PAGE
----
One of the most welcomed features of the revamped Colorado Classic, which this year is a women’s-only 2.1 event, is the increased prize list that is $5,000 greater than the men raced for last year.
The total prize purse in 2019 is $75,000, a record for US women and a significant increase from 2018. The women on Thursday’s post-stage press conference dais definitely took notice.
"It’s an honour to be recognised as the professional athletes that we are,” said Hagens Berman-Supermint rider and team owner Lindsay Goldman.
"For this race to set the bar for other events around the world and throughout the calendar, showing a belief in female athletes and the work that we put into our training and our entire career as athletes, it means a lot.”
The Colorado Classic came onto the US scene in 2017 as a men’s UCI 2.HC race, offering a token two days of criteriums for the women. The races were not UCI sanctioned, and they appeared to be an afterthought.
The Colorado Classic continued with the men last year but added two more stages for the women, including a circuit race and time trial in Vail, a road stage to Denver and a final criterium.
This year organisers nixed the men’s race to focus on the women, sanctioning the race as a UCI 2.1 event and taking the start to Steamboat Springs. Stages over the next three days will include Avon, Golden and a downtown Denver circuit race on Sunday.
Pumping up the prize purse for the women is right in line with what organisers are trying to accomplish in building a stand-alone women’s event that can grow into a spot in the sport's top echelon.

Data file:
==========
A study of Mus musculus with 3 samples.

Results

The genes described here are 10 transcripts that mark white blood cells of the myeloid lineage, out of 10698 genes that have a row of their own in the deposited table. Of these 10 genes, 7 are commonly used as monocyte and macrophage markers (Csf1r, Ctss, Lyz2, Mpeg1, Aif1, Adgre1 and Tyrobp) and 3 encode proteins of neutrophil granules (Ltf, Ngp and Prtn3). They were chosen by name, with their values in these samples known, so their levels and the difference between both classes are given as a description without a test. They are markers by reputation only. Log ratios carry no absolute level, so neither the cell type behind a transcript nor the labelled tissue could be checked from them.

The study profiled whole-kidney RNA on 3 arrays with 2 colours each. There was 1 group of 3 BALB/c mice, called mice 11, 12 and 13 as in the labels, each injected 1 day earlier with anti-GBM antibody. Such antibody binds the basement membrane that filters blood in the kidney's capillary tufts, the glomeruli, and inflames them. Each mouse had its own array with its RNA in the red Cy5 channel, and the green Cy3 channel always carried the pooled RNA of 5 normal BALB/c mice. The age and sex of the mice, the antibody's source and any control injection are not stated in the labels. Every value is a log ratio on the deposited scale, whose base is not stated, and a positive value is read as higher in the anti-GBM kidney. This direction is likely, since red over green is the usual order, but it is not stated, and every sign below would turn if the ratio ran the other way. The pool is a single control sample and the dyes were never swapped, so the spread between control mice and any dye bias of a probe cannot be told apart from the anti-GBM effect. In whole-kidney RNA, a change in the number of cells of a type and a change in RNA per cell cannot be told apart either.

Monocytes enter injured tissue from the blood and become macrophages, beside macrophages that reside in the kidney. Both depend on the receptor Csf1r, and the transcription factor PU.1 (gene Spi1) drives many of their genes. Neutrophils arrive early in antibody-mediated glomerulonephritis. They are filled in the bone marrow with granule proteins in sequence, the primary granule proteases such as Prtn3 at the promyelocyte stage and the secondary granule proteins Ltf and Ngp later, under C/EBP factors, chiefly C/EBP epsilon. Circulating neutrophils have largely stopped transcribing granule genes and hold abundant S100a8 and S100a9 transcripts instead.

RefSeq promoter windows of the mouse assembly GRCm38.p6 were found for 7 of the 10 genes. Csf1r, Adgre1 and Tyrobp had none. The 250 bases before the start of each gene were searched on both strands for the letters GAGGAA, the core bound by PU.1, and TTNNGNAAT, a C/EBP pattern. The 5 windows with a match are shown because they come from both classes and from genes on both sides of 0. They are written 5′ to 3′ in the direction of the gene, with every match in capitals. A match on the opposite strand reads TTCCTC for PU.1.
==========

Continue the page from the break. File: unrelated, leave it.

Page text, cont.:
"While it’s nice to take home a bigger prize purse, for me, personally, what it means in the bigger picture is that we’re being recognised by this event and the supporters behind this event that made it happen, having them acknowledge that we are worthy of the same prize purse as the men receive for this effort, it’s huge,” Goldman said. “It means everything.”
For Brodie Chapman (Tibco-Silicon Valley Bank), third on the stage, the increased prize list took on more practical implications.
"For me it makes a really big difference to my life,” the Australian said. “It’s very awesome to be recognised as the athletes that we are. And it helps me buy fancy brunches on the weekend, and that’s a huge deal.”
Goldman said the prize purse – and the respect it indicates from the race organisers – is a huge motivator.
"It makes me feel like I want to show up and race as hard as I can,” she said. “I want my athletes to race as hard as they can. I want them to promote the #WeRide hashtag. I want them to promote the sponsors that have supported this event and show our gratitude for the opportunity we’ve been given. And, yeah, the prize purse is pretty great.”